Tuesday, November 1, 2011

Tying Flies and Getting Flies

It all started innocently enough. The time was winter. The rivers were frozen, the snow was falling, and I couldn't fish. My other hobby R/C Racing was happening far and few between this winter. So we're out one day, and we stop into an outdoor store. I decide to pick up a few flies. During this time, my wife notices me looking at fly tying materials. Later on she asks, if tying flies would be fun for me. I say it'd be nice. It'd be a winter hobby I could do while watching hockey games on TV.

So Christmas morning arrives, and we are opening packages. Eventually, I happen upon a package that has a little bit of weight to it. I open it, and to my surprise my first fly tying kit.
Trophy shot Holding my new fly tying kit
So of course, over the rest of my winter break, I start tying flies. As I get more and more comfortable with the process, I find that there is an opening on the monthly swap on my favorite Fly Fishing forum. I ask to join in, and from then on, I start getting challenged, also forced (at least that's what i tell the other half!) to buy new materials for the next month's swap.

The swap forces me to tie a dozen or more flies each month. For the swap itself, it has 12 members, so I have to do at minimum 12 flies, plus a few for the host that month. One of my first themes, is creating flies based on Catskill Dries. I chose the Light Cahill. It was not a pretty fly. But it has signficance because I caught my first trout on my own fly, with this one! It was a tiny brookie on a clear water stream, I just dipped it in, and he jumped at it. That fly still sits in my truck, never to be used again as a treasure.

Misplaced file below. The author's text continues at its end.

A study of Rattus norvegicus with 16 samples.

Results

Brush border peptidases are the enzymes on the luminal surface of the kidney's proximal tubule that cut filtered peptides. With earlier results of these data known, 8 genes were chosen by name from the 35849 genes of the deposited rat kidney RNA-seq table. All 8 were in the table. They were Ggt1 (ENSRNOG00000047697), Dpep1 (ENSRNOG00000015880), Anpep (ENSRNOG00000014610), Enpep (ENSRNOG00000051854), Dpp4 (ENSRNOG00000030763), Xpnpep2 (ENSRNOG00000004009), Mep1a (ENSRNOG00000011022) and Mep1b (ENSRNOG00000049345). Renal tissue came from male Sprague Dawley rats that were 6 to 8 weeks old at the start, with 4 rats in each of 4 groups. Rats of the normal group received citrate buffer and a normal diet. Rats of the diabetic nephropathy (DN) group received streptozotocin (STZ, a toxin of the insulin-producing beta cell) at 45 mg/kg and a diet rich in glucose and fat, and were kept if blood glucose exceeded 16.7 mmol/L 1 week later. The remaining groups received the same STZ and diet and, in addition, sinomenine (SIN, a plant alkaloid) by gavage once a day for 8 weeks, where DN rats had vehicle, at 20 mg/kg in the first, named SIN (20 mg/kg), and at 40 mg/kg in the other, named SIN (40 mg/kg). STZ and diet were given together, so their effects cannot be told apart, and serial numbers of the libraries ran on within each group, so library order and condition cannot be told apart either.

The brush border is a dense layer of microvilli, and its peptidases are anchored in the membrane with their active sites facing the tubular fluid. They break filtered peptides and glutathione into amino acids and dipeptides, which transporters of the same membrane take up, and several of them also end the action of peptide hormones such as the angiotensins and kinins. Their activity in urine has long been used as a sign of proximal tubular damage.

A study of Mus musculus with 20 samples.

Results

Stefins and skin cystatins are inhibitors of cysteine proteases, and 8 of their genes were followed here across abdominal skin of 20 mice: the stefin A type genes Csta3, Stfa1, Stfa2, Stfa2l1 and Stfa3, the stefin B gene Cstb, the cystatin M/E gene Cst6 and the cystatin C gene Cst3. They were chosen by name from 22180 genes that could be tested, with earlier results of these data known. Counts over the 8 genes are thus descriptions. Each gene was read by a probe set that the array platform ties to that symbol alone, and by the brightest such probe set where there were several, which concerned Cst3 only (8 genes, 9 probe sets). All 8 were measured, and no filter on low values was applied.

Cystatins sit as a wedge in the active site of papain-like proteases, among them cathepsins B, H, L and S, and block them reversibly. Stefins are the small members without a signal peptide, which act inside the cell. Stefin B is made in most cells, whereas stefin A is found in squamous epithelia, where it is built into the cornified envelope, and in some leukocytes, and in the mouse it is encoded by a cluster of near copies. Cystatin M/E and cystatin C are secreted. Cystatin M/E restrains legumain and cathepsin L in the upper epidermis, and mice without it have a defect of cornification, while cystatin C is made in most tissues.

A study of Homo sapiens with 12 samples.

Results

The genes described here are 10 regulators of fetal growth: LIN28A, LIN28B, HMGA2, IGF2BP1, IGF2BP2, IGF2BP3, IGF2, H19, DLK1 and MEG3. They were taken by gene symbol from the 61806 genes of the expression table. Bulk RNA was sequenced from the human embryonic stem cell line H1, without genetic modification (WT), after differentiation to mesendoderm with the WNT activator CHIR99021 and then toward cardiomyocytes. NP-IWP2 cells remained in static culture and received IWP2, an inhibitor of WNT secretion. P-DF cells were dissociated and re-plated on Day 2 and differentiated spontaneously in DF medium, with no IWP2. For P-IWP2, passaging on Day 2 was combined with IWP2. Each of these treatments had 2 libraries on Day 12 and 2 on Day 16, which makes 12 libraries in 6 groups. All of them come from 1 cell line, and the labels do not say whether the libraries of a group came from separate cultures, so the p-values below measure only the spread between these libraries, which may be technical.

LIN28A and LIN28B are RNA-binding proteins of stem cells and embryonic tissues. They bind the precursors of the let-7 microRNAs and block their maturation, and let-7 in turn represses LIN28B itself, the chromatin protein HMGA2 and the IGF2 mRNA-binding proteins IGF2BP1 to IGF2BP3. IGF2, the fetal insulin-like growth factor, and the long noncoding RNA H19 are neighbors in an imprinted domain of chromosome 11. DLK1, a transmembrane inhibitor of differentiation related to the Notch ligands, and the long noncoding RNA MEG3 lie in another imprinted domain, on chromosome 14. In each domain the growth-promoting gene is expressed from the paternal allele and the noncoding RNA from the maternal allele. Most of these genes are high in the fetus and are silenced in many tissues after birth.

Each month the themes varied. Sometimes it was a nymph, sometimes a dry, once it was tie a fly one size smaller than you ever have before. (that meant a size 20 for me).

Since then I have collected quite a few more materials, hooks, and tools. However, I still use the vise that came in this kit. it works beautifully, and I've never had an issue with it. It's a big difficult to use on size 20 flies, but for now, it's great for my budget.

The best part about the swap, wasn't that I was just building my skills up, but I was also filling up my fly box. Each month, I'd get a dozen flies of various varieties. Sure, I couldn't use all of them. Periodically I'd get a warm water fly, a carp fly, or something just as strange. Those flies go in a separate box for when I decide to go warm water fishing. I also may have a few salmon and steelhead flies in there too.

I will warn, it takes commitment. When my daughter arrived, I had to bow out of the swap, as being a new parent was making it very difficult for me to get on my vise on a regular basis. But it was fun, and now, I just join in the periodic fly swap that involves something that will help me when I'm on the river.

I also tie flies about once or twice a week now. I generally do about 2-4 flies per session before the dog, cat, or my daughter need my attention.

If you are new, I also suggest you take a look at the great tutorials provided by Fly Anglers Online. They will have you tying like an expert in just a few short weeks.

This post isn't a review on my starter kit. The materials that came with that kit have all been used and replaced. But more, I want my readers who have thought about taking the plunge to consider it more. There really isn't anything more relaxing on a cold winter's night than watching hockey, drinking a beer or a manhattan, while tying a few flies for the coming fishing season.


  1. I agree with you. I would add one suggestion. Take one class at a local fly shop if they offer them. They are usually relatively inexpensive and you will learn some tricks that will stay with you.

  2. great story! Its cool you stuck with it! Great blog, you got a new follower!